The US Air Force’s the fifth Advanced Extremely High Frequency (AEHF-5) protected communication satellite is responding to commands given by 4th Space Operations Squadron.
Designed and manufactured by Lockheed Martin, the AEHF-5 satellite was successfully launched aboard a United Launch Alliance Atlas 5 rocket from Cape Canaveral Air Force Station, Florida on 08 August.
Lockheed Martin noted that the squadron started ‘flying’ AEHF-5 shortly after it separated from the rocket.
The constellation of five AEHF satellites provides global coverage for survivable, highly secure and protected communications for strategic command and tactical warfighters.
The jam-resistant AEHF system will be used by US Forces alongside international allies including the UK and Canada.
Lockheed Martin Space Protected Communications vice-president Mike Cacheiro said: “This fifth satellite adds an additional layer of flexibility for critical strategic and tactical protected communications serving the war fighter.
“This added resilience to the existing constellation will help ensure war fighters can connect globally to communicate and transmit data at all times. In the weeks ahead, AEHF-5 will move towards its operational orbit, deploy all of its solar arrays and antennas, and turn on its powerful communications payload for a rigorous testing phase prior to hand over to the Air Force.”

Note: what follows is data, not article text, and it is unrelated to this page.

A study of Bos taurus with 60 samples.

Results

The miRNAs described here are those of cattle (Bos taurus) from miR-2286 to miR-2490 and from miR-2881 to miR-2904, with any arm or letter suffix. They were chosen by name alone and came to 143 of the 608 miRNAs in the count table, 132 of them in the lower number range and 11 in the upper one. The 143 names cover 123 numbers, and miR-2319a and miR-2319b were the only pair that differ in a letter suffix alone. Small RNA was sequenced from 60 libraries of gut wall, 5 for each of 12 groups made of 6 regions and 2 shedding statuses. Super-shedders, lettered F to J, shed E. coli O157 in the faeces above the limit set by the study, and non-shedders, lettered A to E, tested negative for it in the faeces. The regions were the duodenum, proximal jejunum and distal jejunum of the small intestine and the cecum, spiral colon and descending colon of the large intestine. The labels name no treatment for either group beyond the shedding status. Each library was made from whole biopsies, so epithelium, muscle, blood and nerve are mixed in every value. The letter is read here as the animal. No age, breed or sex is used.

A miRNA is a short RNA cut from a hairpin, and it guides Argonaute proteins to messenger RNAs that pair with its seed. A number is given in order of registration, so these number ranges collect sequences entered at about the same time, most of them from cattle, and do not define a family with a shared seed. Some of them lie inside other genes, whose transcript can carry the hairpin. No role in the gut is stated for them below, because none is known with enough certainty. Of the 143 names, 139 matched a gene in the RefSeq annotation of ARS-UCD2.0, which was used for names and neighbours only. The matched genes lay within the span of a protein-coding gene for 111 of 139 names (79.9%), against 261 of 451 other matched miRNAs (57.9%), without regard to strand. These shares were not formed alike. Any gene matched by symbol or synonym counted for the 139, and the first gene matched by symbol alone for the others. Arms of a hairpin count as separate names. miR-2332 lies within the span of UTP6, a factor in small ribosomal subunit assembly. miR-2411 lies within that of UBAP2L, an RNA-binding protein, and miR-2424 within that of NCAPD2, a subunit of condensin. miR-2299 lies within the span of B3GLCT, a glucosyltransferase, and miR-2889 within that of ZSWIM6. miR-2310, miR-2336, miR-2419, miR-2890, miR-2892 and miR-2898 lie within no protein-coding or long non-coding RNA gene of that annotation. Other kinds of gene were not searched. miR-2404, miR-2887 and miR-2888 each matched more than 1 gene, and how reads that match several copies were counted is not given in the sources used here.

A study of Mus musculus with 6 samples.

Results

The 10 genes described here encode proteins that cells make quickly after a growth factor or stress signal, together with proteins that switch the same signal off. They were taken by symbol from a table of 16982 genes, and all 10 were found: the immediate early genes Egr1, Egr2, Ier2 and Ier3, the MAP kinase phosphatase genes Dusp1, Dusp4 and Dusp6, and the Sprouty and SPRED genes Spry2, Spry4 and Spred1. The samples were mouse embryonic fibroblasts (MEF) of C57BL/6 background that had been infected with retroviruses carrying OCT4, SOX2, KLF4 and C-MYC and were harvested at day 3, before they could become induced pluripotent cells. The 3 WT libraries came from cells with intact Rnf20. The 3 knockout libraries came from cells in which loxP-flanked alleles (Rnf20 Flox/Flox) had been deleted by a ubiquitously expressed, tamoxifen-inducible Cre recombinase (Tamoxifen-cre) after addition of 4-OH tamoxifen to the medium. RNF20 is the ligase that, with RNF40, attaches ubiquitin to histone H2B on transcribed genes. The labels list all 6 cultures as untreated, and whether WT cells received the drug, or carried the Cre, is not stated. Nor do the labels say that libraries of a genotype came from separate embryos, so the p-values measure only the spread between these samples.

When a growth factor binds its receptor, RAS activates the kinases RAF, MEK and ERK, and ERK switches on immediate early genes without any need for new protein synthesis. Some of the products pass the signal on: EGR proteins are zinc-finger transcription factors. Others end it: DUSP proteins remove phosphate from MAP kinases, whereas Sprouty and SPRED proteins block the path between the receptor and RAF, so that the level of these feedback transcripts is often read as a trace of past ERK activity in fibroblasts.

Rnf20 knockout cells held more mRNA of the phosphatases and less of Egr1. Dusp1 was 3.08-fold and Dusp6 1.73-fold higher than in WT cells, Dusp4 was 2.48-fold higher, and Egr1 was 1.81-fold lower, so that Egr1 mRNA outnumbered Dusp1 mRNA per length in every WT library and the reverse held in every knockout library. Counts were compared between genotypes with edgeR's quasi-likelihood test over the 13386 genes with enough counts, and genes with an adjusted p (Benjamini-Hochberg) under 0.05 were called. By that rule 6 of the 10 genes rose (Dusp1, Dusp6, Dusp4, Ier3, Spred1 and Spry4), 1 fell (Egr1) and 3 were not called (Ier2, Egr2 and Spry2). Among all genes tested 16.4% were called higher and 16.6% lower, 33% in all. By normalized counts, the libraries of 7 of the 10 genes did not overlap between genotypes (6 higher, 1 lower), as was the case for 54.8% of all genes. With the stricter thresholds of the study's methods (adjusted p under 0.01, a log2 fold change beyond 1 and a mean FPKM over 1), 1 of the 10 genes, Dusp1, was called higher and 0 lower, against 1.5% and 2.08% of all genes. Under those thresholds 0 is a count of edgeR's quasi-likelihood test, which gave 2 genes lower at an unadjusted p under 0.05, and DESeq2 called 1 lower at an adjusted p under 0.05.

AEHF-5 is equipped with advanced Extended Data Rate (XDR) waveform technology to bolster the constellations network.
According to the company, each AEHF satellite is capable of providing a greater total capacity than the entire legacy five-satellite Milstar communications constellation.
Cacheiro further stated: “Individual data rates increase five-fold compared to Milstar, permitting transmission of tactical military communications, such as real-time video, battlefield maps and targeting data.”
The system enables anti-jam, always-on connectivity to national leaders and decision-makers during all levels of conflict, he added.
Lockheed Martin developed the satellites at its Sunnyvale facility in California. The company is currently producing the sixth satellite in the series.
Northrop Grumman Aerospace is the payload provider for the AEHF programme.
The protected satellites use wide bandwidth (EHF) to negate the effects of signal jammers, the system also includes built-in protections to stop communications being intercepted.
The first satellite in the constellation launched in 2010, four years after originally planned. The delay was caused by the National Security Agency (NSA) failing to deliver cryptographic components on schedule. The delays added around $800m to the total cost of the programme.